REPOST: I unearthed this gem from a previous blog of mine dated 02 April 2018. I hope you find it an interesting read. -GF

I was told around age 8 that one day I would likely come home and find out that my dad had died. He was 55 when I was born and had basically every coronary issue imaginable.

Being the pragmatic problem solver I am, I started running scenarios in my head what the Moment of Death would be like and then what Life After Dad would look like.

That's a stressful game for an eight-year-old to play.

I played it until I was 25.


Jumping Ahead of Yourself

Death of a loved one is experienced in many different ways, including mourning that person while they are still alive. And knowing that you are about to experience a powerful loss, fear can take root.

Interestingly, fear of death can have a sneaky companion, one that many can recognize but most don't have the proper term to use to acknowledge it:

Anticipatory grief. Mourning a loss before it happens.

When someones is already mourning before the loss, the fear of the soon-to-be-real fact of death can take a stranglehold over a person's life. Suddenly, you're frozen in place. Everything is wrong - possibly horrific - and you have no idea what to do. You are lost in a sea of unending sorrow, and all you can focus on is that it can only get worse since your loved one hasn’t died yet.

Compounding the situation is either your friends and family (and honestly, probably yourself) are telling you to snap out of it, your loved one isn’t dead yet. You’re not entitled to experience this emotion yet. Don’t talk about it, and just get on with things.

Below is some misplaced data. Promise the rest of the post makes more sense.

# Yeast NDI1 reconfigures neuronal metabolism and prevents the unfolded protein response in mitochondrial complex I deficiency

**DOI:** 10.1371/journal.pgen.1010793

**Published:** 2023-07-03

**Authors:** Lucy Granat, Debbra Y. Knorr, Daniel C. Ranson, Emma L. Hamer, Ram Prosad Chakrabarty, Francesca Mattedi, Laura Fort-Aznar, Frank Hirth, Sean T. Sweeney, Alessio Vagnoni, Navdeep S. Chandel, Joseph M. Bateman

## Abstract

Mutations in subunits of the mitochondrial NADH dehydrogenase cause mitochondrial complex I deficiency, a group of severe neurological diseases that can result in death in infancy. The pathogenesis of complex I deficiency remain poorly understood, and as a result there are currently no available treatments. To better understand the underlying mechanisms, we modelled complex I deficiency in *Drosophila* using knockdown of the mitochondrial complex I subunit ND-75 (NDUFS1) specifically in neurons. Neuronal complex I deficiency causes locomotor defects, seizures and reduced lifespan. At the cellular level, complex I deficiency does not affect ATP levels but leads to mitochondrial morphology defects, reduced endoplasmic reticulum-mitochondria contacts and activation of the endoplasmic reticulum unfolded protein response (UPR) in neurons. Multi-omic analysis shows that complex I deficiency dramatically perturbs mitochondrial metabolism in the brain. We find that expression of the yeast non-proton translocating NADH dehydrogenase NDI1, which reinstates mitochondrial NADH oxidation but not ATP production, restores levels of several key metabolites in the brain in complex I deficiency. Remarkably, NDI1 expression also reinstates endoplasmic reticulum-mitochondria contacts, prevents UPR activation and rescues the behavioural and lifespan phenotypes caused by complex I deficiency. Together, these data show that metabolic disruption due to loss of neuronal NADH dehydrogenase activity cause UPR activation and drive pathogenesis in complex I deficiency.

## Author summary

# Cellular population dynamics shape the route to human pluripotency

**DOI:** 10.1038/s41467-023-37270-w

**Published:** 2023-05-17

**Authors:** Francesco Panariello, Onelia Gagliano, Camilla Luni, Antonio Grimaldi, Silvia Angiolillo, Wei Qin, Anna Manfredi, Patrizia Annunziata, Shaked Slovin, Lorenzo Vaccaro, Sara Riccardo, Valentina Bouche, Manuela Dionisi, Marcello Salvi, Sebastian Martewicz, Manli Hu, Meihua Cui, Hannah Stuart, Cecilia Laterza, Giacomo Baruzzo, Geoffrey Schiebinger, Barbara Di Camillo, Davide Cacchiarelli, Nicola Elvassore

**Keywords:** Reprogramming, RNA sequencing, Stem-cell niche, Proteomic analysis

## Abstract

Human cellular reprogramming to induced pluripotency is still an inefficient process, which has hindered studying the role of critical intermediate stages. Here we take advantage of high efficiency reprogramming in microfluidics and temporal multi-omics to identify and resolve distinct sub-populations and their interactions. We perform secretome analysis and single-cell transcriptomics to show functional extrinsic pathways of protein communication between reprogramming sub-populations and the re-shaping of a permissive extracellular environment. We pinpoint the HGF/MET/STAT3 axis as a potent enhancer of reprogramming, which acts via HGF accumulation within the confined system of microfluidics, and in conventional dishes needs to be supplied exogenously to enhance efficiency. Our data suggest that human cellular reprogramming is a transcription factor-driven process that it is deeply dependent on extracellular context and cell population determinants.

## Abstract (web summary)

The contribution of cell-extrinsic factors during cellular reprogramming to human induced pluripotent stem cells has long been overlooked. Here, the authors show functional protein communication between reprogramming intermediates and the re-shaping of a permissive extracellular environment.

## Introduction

Well, guess what? You are entitled to have your emotions on your time schedule. But when those emotions are so powerful that you get stuck or overwhelmed, that’s the time to find a better way to process what you’re going through.

My Trick to Getting Unstuck

About a dozen years later, I had my second brush with Anticipatory Grief when my mother was diagnosed with end-stage metastatic breast cancer. She was given six months to live, tops.

She made it three months.

This time around, though, instead of becoming incapacitated by the impending loss or running all the Worst Case Scenarios my 39-year-old self could come up with, I focused on her emotional comfort. Her physical comfort was as good as it could be with her medical team. Out of my immediate control. But taking her on a day trip somewhere she’d been wanting to go? Making sure she had her favorite dessert? Finding a new joke to tell her? Those were things completely in my control.

The stunning thing about those three months is that while my focus was on her, I was addressing my own pressing self-care issue: I was rolling with the punches of anticipatory grief instead of letting it knock me around. Cry a little, noting this would probably be The Last Time We Did This Activity Together. Process the grief. Experience the grief of impending loss. Just acknowledge the fact she was getting ready to die and it was okay for me to be sad about that ahead of time. No need to force a happy face for her sake. I gave myself permission to be me.

In letting the waves of pre-death grief just be, the fear that type of emotion can bring was dramatically reduced. I stayed (mostly) functional. I wasn’t consumed by grief...nor fear...24/7. I got to have some amazing quality time with my mother.

Tame That Elephant

If you're experiencing fear of a loved one's approaching death - or if you're overwrought and simply cannot deal with the fact of the trajectory - you may also be experiencing anticipatory grief.

Trained therapists are worth their weight in gold with coping and releasing mechanisms for identifying and reigning in this monster. Reach out and find one. If you already know that's what you're experiencing and just need a safe place to vent and process, I can help, too.

Have you ever experienced anticipatory grief? Share your experience in the comments below.